282280 Optimal Design of Catalytic Distillation Column for the Hydrolysis of Methyl Acetate

Tuesday, October 30, 2012: 4:55 PM
Oakmont (Omni )
Huidong Zheng, Yanru Zeng, Suying Zhao and Jiaojiao Bai, College of Chemistry and Chemical Engineering, Fuzhou University, Fuzhou, China

Methyl acetate (MA) is a byproduct in the production of purified terephthalic acid (PTA) and polyvinyl alcohol (PVA). As containing methanol (MeOH) and some other impurities, the purity of MA is not high enough for industrial applications. The mixture is usually hydrolyzed to produce methanol (MeOH) and acetic acid (HAc) by catalytic distillation (CD) in industry, which is a typical application of CD. Due to the complicated synergetic effect and interaction of chemical reaction and distillation in CD column, it is difficult to design and optimize the column configuration and operation parameters. In this paper, a systematical and universal design method was proposed for the optimal design of CD column for MA hydrolysis in order to minimize the equipment and operation cost.
The reaction kinetics and thermodynamics data of MA hydrolysis system including vapor –liquid equilibrium (VLE), liquid-liquid equilibrium (LLE) and reaction kinetic model for  different types of catalyst, have been investigated in our previous researches. Moreover, the comprehensive studies about the structure of catalyst packing and the industrial applications of MA hydrolysis with CD column have been carried out by our research group in the last decades. Based on this theoretical and practical foundation, a conceptual design method by combining the reactive residue curve maps (rRCM) method and reactive extractive curve maps (rExCM) method is proposed in this paper. The configuration of CD, feed location and operation parameters for different MA feed compositions can be obtained by this method. The proposed method is characterized by relying on a minimal set of information concerning the physicochemical properties of the system and the reaction, introducing a set of methods ranged from putting forward various solutions to the optimization, presenting a novel design and analysis process for the hydrolysis of MA.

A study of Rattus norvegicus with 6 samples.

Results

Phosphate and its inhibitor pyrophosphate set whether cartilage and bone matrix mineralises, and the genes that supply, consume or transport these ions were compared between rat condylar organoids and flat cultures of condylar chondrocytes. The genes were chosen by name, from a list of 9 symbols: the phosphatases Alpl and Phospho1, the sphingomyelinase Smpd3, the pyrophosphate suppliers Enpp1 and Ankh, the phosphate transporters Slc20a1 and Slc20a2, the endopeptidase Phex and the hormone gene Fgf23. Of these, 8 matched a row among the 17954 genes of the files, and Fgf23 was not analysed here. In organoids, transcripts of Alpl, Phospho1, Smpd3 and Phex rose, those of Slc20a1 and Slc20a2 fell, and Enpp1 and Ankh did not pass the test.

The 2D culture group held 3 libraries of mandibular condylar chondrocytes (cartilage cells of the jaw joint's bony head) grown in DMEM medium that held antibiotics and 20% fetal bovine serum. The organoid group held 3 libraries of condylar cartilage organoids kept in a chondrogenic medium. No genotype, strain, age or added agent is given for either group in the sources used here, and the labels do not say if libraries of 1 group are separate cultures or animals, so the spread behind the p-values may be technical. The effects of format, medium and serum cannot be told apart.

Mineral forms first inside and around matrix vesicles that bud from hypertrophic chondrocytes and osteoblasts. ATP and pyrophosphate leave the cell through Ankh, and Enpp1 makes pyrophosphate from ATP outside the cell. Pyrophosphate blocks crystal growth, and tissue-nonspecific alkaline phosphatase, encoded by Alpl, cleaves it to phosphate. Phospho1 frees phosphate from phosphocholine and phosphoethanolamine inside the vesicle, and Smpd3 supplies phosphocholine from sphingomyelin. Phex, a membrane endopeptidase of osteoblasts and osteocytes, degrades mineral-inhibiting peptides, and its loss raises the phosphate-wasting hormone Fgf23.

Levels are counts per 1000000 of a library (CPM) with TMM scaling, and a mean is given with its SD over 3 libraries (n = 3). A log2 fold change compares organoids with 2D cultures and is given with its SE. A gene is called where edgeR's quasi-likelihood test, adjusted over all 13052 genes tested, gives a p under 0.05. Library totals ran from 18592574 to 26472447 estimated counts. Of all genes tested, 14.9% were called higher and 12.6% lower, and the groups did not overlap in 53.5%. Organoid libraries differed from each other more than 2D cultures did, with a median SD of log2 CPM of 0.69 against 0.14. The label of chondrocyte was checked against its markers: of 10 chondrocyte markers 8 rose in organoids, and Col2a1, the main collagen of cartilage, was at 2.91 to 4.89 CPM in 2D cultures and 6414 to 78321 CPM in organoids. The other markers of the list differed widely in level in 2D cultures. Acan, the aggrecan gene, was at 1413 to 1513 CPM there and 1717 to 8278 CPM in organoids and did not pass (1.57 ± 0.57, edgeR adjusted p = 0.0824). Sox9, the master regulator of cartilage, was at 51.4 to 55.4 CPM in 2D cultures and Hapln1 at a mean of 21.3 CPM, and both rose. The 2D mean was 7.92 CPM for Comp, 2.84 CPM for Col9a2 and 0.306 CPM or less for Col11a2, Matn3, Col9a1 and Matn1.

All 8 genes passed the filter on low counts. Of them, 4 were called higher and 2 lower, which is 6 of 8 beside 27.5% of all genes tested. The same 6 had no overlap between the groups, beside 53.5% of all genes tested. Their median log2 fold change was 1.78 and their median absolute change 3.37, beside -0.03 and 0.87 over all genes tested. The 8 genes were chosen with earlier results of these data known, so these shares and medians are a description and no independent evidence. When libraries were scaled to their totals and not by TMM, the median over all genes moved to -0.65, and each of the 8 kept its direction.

Conceptual design is a three-step process, (1)feasibility analysis, which aims at discriminating the thermodynamically attainable specifications; (2)synthesis, which confirms the results obtained through the first step based on a more rigorous analysis and determines the column configuration able to achieve the goals formerly specified; (3)design step, which enables to determine the operating parameters of the process. The final results can then be considered as an initial value for the further design and optimization.
  Firstly, the rRCM method and rExCM method being part of graphical methods based on the thermodynamics and reaction kinetics of the reaction system, enable to analyse visually the synergetic effect and interaction of chemical reaction and distillation in reaction zone and the whole unit, which can further formulate the feasibility and screen several kinds of column configuration of a CD unit with a degree of freedom less or equal to 2, while the rRCM method applies to the RD column with single-feed and the rExCM method applies to the double-feed. Additionally, the two methods can also display the distillation boundaries and determine whether a pure stripping or rectifying section is required. While the feasibility of RD column consisting in nonreactive and reactive section can be analyzed with static analysis under the assumption of infinite separation efficiency and steady-state operation.
  Secondly, the composition profiles are deduced from the mass balance equations stage by stage under neglection of all the thermal effects in the synthesis step which is  based on boundary value design method. On the other hand, the boundary value design method is also applied to analyze the effect of CD column configuration under the different synergies between reaction and separation. Sequentially, combined with the first step, the general rule of synergies in the whole unit is obtained. The CD column configuration parameters corresponding to specified conditions such as total number of theoretical stages, location and size of rectifying/stripping section, location and size of reactive section, location of the feed plate(s) are optimized under different feed compositions in the second step.
Finally, the objective of the design step is to recalculate the operation parameters without modifying the column configuration by taking into account the heat balances. The steady-state simulation with MESH model in Aspen Plus is employed to optimize the operation parameters such as reflux ratio, heat duty and distillation/bottom flow. A non-equilibrium rate model of the CD process is built with multi-scale to verify and optimize the general rule obtained in the second step.
   Although several successful sets of CD column for MA hydrolysis are built, there still remain some problems, such as low hydrolysis conversion, high energy consumption and complex column configuration. The method proposed in this work can provide important reference and direction for the further improvement of MA hydrolysis and also other CD processes.